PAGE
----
Teaching Delay & Denial {what’s missing from your communication instruction}

Categories: Interventions

We have talked a lot about replacement behaviors. Your behavior plans and interventions will never work if you forget to teach an appropriate response for accessing the desired reinforcement (ie. function of behavior). When we first start teaching the replacement behavior, we have to get that buy-in. We have to teach that this behavior (asking for attention, using a break card, using an AAC device, etc.) WORKS. And not only does it work but it works in a bigger, better, badder way that the problem behavior.

My Starbucks Example:

I use this anecdote a lot in PDs. I love Starbucks. I go to Starbucks all the time. The function of my going-to-Starbucks-behavior is to gain access to coffee. Let’s say one day I drive to Starbucks and it’s closed. Even thought I didn’t get my coffee that day, it didn’t take away my desire for coffee. The next day a Dunkin Donuts opens. The Dunkin Donuts is closer to my house, there is never a line, the coffee is cheaper, and every time I go they give me a free donut. Even if the Starbucks reopens, where I am going to get my coffee from now on? I’m going to Dunkin Donuts. It’s an easier option that results in better reinforcement (ie. coffee + donut). It’s the ‘no-brainer’ option. We need to give our kids that no-brainer option when teaching and reinforcing replacement behaviors.

After you have taught the replacement behavior and provided consistent reinforcement, it’s time to fade it out.

In the real world, you don’t get the iPad every time you give an iPad picture. Sometimes the iPad is charging, you have work to do, or the iPad isn’t around. We want this replacement behavior to be functional. Getting what you want every single time you ask – although may feel awesome – is not practical or real world based. You need that consistent, immediate, and almost seemingly excessive reinforcement to build that new replacement behavior and then you have to fade it out. Fade that reinforcement once the student is readily using the replacement behavior and you see a decrease in the problem behavior.

Last month, I went to Dr. Greg Hanley’s two day presentation on Practical Functional Assessment. My BCBA friends – I highly recommend this two day seminar. One (of the many) take home points that I was excited to share here was his focus on teaching delay and denial after we have successfully taught replacement behaviors for problem behaviors. This ties in exactly to what I’m talking about today. We need to teach students that sometimes they have to wait for reinforcement and sometimes reinforcement is not available.

Teach Delay

We want to teach students to wait after they use their replacement behavior to request reinforcement. This is a completely practical skill. Mom isn’t always going to have a fanny pack filled with hot chicken nuggets, iPads, gummy bears, and play dough available at all times. I have seem a lot of waiting programs that I don’t love. I have seen many well meaning teachers or therapist just slowly increase the amount of time a student can wait. They start with 5 seconds, then go to 10, then 20. This can be alright but you want to ensure that the student nows what they are waiting for. When a student uses the replacement behavior and asks for something – you know they want that reinforcer right now. You have the motivation ready.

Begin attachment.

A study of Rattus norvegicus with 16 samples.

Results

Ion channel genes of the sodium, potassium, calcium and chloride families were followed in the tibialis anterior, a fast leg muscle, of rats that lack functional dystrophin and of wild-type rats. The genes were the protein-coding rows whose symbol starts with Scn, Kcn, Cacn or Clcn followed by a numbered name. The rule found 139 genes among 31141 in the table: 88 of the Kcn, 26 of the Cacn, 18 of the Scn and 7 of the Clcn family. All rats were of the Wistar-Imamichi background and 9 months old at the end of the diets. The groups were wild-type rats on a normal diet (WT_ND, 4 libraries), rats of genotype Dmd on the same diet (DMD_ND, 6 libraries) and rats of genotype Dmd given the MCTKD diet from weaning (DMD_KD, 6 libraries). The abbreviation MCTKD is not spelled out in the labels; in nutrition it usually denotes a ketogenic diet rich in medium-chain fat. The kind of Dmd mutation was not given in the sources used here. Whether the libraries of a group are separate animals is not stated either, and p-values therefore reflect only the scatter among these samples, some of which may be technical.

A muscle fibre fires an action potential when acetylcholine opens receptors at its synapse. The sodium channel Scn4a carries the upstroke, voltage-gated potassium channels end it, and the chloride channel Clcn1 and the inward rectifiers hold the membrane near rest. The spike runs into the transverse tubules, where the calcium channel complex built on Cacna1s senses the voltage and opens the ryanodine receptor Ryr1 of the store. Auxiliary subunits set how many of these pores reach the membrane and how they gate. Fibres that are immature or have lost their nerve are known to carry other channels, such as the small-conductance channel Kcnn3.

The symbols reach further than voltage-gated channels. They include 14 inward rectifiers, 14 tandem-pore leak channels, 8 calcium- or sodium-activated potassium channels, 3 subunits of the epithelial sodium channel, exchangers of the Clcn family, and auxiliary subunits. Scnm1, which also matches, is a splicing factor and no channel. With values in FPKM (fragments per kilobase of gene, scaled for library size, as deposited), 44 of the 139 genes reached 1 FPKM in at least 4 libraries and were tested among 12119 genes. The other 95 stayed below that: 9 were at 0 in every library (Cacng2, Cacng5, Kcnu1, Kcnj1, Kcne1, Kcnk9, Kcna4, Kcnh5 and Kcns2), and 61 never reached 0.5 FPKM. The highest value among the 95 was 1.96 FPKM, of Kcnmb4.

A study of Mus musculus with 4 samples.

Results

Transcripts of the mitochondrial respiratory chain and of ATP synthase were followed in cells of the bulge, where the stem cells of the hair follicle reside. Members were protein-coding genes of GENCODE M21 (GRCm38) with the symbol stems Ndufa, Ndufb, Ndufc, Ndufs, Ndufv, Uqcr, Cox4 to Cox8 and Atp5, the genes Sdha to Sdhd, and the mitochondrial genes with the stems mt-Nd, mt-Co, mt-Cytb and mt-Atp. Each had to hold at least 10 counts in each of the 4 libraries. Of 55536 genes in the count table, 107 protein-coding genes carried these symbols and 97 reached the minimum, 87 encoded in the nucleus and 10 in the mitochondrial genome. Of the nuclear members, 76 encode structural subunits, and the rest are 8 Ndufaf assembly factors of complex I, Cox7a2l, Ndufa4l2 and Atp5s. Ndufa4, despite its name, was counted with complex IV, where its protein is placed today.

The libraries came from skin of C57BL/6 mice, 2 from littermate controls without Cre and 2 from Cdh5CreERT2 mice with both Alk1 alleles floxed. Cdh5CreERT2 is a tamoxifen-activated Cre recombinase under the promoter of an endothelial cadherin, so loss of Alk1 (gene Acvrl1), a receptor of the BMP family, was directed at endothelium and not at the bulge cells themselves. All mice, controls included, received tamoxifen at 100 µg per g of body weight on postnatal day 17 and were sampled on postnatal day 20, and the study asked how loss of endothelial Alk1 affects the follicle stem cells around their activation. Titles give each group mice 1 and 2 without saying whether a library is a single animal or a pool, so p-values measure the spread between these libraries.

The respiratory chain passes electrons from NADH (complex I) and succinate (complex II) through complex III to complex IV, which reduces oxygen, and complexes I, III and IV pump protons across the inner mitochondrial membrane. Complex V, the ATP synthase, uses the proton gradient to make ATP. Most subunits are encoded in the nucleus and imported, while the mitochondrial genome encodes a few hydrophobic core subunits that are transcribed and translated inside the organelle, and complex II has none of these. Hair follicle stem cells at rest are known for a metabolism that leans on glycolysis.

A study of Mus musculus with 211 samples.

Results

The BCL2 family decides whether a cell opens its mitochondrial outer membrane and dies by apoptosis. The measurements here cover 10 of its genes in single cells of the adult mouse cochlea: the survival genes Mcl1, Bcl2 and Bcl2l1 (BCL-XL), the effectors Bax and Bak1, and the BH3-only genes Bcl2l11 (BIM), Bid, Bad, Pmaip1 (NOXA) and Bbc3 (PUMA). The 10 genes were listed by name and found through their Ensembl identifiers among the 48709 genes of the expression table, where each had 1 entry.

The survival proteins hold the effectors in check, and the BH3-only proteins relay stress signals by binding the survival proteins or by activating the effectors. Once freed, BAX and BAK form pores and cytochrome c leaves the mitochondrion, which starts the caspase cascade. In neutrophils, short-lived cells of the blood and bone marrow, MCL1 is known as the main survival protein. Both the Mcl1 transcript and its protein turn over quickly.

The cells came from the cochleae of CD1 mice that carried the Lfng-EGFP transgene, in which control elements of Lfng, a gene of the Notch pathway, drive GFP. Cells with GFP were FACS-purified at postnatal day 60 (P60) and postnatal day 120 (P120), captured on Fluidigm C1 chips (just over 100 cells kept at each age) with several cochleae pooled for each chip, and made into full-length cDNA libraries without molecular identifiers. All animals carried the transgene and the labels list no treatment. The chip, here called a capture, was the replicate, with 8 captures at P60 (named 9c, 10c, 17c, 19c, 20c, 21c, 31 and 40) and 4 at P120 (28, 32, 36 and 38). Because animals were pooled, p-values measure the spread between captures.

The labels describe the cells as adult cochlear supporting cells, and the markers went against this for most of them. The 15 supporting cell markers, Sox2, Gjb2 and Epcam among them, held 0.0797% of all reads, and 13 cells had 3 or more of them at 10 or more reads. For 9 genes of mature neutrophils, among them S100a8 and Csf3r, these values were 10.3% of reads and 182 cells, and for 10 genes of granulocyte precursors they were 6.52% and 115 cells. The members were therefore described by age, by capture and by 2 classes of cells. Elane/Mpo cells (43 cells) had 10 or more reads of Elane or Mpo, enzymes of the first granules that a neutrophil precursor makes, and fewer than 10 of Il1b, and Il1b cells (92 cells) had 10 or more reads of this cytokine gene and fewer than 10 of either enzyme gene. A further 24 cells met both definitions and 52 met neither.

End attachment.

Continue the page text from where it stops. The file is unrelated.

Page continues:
Arbitrarily offering preferred items for a specific wait time period may not be effective. The student may not want the item right now. So when Johnny asks for your attention, say, “hold on.” Wait a few seconds then provide reinforcement. Build up the time you are wait but don’t be so rigid about it. Life does not follow rigid time interval increases. Keep it varied. Maybe today Johnny had to wait 5 minutes but tomorrow he only has to wait 10 seconds. Keeping it unpredictable will maintain the motivation and mimc the real world.

Teach Denial

Sometimes you just have to say no. Sometimes reinforcement is not available. I get that the idea of saying no to an appropriate response is scary. You worked so hard to reduce the problem behavior the thought of even a few minutes of regression is terrifying. Remember – you already know how to decrease the behavior. You did once and you can quickly do it again. So don’t let that obstacle get in the way. A functional skill is one that can accept denial. Every time you ask your boss for money- does he give it? No way. That’s not reality. Dr. Hanley talked about teaching an appropriate response to being told no. Basically a disappointed behavior. Something like shrugging your shoulders or saying “oh well.”

Model and teach that response. When Johnny asks for iPad, I say, “no not right now” and he does the disappointed response (that I’ve taught him), I’ll say, “What a great response. Never mind, let’s have some iPad now.” You want to provide reinforcement for that disappointed behavior. Then soon, redirect back to task even when the disappointed behavior occurs. Remember that idea of keeping it unpredictable. Keep doing that! Sometimes when Johnny asks for iPad in the middle of a work activity say, “no not right now” and other times say “sure okay” and push the work to the side and hand that iPad over. Keep it so varied that your student is staying on his toes. He is still motivated to use that replacement behavior because it does work sometimes.